Rinehart repositions but to what end?

Gina Rinehart's decision to lower her stake in Fairfax is all about getting on the board. The manoeuvring for influence – which if achieved will likely not bring more readers to the company – is an untimely distraction.

On the news that Gina Rinehart had sold 3.7 per cent of Fairfax Media it initially appeared that she might have been making good on her threat to dump her original 18.7 per cent shareholding. Unfortunately, for Roger Corbett and his fellow Fairfax directors, that doesn’t appear to be the case.

Fairfax and Rinehart have been at loggerheads over her insistence on oversized board representation for her shareholding and an ability to meddle in the group’s editorial affairs.

There was, however, an additional technical issue which today’s sale appears to be designed to overcome and which suggests that Fairfax isn’t free of Rinehart yet.

Rinehart’s Hancock Prospecting said the sale of the 86 million shares was undertaken to resolve an issue that arose under the Fairfax directors’ and officers’ insurance policy. Fairfax’s professional indemnity cover for its directors falls away if a director holding more than 15 per cent of the group’s capital sues a fellow director. Not surprisingly, given Rinehart’s propensity to litigate, that was an obstacle to her receiving an invitation to join the board.

While that particular issue may have been resolved with the sale, Rinehart’s voting power and the strength of her case for three board seats and the deputy chair, let alone influence over editorial policies, has been undermined in the process.

If Corbett wasn’t going to allow her influence over editorial policies with nearly 19 per cent of the company he’s hardly likely to blink at just under 15 per cent even if, as Hancock stated, it remains the largest single shareholder in the ailing media group.

Oddly in circumstances where it was announcing a sell-down of its shareholding, Hancock also denied "unsubstantiated rumours spread by others that we are about to make an offer for the company when we have previously stated we are not seeking control of Fairfax".

The remaining barriers to Rinehart’s entry to the Fairfax boardroom will be the scale of the representation she has demanded and her unwillingness to agree to being bound by the board’s governance principles.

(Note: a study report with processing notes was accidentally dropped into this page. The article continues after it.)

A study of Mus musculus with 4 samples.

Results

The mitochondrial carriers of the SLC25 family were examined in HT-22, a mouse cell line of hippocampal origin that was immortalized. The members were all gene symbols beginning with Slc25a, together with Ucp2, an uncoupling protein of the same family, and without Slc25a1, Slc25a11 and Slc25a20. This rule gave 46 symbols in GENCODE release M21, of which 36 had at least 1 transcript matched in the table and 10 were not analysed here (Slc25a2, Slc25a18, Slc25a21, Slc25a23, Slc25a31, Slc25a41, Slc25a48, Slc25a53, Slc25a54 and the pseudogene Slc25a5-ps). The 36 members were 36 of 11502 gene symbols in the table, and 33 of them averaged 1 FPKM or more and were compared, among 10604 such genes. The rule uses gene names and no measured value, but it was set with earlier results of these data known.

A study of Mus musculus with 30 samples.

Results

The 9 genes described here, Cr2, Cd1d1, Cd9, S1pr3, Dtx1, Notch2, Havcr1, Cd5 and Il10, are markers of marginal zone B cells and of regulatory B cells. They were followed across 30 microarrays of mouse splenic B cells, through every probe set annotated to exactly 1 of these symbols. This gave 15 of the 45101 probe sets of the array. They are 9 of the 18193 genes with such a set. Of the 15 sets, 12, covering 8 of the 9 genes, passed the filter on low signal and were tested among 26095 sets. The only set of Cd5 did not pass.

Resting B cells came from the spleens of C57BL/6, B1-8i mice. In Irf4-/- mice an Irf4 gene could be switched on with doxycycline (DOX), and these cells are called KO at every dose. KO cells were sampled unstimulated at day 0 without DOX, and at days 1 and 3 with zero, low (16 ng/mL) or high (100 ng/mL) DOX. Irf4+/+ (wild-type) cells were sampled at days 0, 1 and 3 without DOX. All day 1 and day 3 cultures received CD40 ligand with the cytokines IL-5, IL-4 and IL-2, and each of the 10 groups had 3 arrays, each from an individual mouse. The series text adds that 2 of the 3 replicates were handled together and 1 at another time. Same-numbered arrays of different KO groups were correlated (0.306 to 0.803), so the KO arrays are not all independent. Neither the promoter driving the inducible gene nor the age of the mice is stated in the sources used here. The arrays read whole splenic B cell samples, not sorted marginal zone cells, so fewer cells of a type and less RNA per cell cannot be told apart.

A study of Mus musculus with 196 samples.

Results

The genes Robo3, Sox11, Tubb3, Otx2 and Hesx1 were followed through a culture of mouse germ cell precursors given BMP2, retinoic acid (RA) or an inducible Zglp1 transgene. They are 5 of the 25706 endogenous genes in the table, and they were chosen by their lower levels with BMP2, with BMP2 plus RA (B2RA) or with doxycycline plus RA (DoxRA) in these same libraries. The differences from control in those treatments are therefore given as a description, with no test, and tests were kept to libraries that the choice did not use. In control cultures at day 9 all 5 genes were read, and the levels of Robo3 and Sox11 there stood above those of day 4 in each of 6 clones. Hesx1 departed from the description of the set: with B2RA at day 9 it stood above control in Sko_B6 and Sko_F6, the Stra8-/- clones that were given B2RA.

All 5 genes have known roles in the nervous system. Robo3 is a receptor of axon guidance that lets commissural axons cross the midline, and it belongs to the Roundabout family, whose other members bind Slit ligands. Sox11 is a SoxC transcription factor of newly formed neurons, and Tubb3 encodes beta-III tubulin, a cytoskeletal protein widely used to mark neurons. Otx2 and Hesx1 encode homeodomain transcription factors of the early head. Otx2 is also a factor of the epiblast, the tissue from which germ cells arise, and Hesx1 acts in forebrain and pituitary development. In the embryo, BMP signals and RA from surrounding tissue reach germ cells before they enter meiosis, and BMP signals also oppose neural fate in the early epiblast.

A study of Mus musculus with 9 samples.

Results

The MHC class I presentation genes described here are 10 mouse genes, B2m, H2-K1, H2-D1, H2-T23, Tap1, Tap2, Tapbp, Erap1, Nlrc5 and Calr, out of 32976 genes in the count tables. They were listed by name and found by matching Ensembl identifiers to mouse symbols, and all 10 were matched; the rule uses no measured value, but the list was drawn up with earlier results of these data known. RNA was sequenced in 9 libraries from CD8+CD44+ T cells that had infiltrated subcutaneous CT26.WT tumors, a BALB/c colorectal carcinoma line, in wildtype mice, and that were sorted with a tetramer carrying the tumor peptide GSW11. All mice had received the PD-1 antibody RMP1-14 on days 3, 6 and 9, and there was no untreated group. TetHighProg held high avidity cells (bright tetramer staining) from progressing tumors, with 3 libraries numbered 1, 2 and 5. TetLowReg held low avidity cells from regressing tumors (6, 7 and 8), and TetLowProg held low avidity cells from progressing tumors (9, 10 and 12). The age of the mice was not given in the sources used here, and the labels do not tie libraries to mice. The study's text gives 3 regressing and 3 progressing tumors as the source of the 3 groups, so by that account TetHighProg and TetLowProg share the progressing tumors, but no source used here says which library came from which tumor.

A 15 per cent shareholding within a register as open as Fairfax’s probably warrants a board seat, maybe two if Corbett were being generous. It shouldn’t get Rinehart any more than two and certainly doesn’t earn any special concessions relative to the board conventions that existing directors have developed and agreed to.

The Fairfax governance principles at the heart of Rinehart’s concern relate to the board’s relationship with the company’s journalism, with the principles stating that day-to-day editorial direction and decisions on stories were a matter for the editors rather than the board and that directors are not to discuss company matters with managers or editorial staff without informing the chairman first.

It is unclear why that should be such an issue for Rinehart. There is nothing in the Fairfax charters of editorial independence that inhibits the ability of the board or management from replacing editors (in fact the charters explicitly recognise that right).

Rinehart could endorse the governance principles, even commit to abiding by the charters and, if she could get control of the boardroom, or at least become its dominant influence, appoint editors who share her views.

The problem with Rinehart’s campaign against the Fairfax board is that it is misdirected. The key issue isn’t with the content – Fairfax has grown its audiences substantially – but rather where the audiences lie and the difficulties Fairfax faces in monetising them.

They are largely and increasingly online, where yields are a fraction of those on which the cost structures of Fairfax’s metropolitan mastheads were built and, despite continuous cost-cutting, the metros are still reliant on.

With their classified advertising streams largely gone, their physical circulations shrinking as the audiences migrate online and the poor yield environment for digital media, Fairfax is a company caught in transition.

It is not alone – just about every general newspaper in the world is experiencing the same life-threatening pressures, with the broadsheets that were developed to carry classifieds worst hit – but it has been forced into a radical restructuring which will cost 1900 jobs and see the metros converted to tabloid formats to try to save what are about to become digitally-focused mastheads.

Changing editorial policies will do nothing about the fundamental, structural and quite wrenching trends occurring globally in the print media. Indeed, given the character of the Fairfax audiences, it could accelerate the demise of the physical papers if they suddenly started preaching climate change scepticism and adopted staunchly pro-mining agendas.

Corbett and his chief executive, Greg Hywood, are trying to manage a brutal transition from the old world to the new, without any successful templates to follow and nothing even approaching certainty about where and how that transition will end. They don’t need the distractions and instability created by boardroom challenges and tensions.

While it would have wreaked havoc in the market had Rinehart spat the dummy and dumped all her shares, as she has threatened to do if she doesn’t get her way, Corbett and Hywood might have preferred that as an outcome to a continuing and distracting siege.